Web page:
Roughly 80 street signs in Cambridge will be revamped by springtime to include translations to the language of the Massachusett Indian tribe.
Sage B. Carbone, a descendant of the Massachusett Tribe and a member of the Northern Narragansett Indian Tribe of Rhode Island, proposed the initiative as part of the city’s 2021 participatory budgeting cycle. The project was approved and received $180,000 in funding as part of the city’s African American and Indigenous Peoples Historical Reckoning Project.
Since the project was approved, the Cambridge Historical Commission has worked alongside an advisory group to choose the language and location of the signage. Signs will be placed between First and Eighth Streets in East Cambridge and will feature a translation from English to Massachusett.
“Because this area of Boston and Cambridge is Massachusett land, the traditional homeland of the Massachusett tribe, we’ve decided to honor the original land keepers would be best,” Carbone said.
The Cambridge traffic, parking, and transportation department will implement the signage by spring 2024, said Sarah L. Burks, who serves as preservation planner on the Cambridge Historical Commission. The city will also launch a website with historical information and pronunciations for each sign.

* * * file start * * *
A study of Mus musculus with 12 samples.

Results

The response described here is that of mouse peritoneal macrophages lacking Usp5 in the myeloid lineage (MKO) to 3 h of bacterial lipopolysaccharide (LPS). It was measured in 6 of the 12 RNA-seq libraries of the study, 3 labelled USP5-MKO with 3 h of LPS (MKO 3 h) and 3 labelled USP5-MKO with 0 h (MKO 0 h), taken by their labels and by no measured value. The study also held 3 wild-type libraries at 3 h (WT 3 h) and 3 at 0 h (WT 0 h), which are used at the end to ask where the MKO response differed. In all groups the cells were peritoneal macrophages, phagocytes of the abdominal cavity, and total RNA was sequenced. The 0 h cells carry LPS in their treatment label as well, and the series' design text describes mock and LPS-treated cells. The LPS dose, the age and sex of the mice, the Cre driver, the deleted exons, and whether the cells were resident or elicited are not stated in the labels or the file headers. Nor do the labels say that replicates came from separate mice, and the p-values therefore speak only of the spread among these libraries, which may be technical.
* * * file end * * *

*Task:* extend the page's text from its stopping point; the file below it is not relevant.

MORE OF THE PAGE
Burks, who helped assemble the advisory group for Carbone’s project, said she hopes the signs will start conversations and raise awareness both of Indigenous history and diversity in the city of Cambridge.
“Traffic signs particularly get boiled down to the simplest common denominator: You want it to be read quickly and understood and provide safety information,” Burks said. “This will still do that, but by adding the additional language it will speak to the fact that English is not the only language spoken here and that we’re aware of cultural traditions of people from different backgrounds.”
The project was nominated as part of Cambridge’s participatory budgeting process, where Cantabrigians over 12 years of age can vote on proposed initiatives. Carbone’s submission was combined with another project to repair and add to the city’s existing Black history markers, according to Burks.
Carbone said Indigenous languages are commonly spoken and written on reservations around the country, but almost nowhere to be found in Boston. She sees these translations are an opportunity for change.
“Unfortunately, New England has been really poor in its visibility of Indigenous peoples,” Carbone said. “As visitors to the city and people living here, I wanted to provide an opportunity to see a bit of what you would on a reservation.”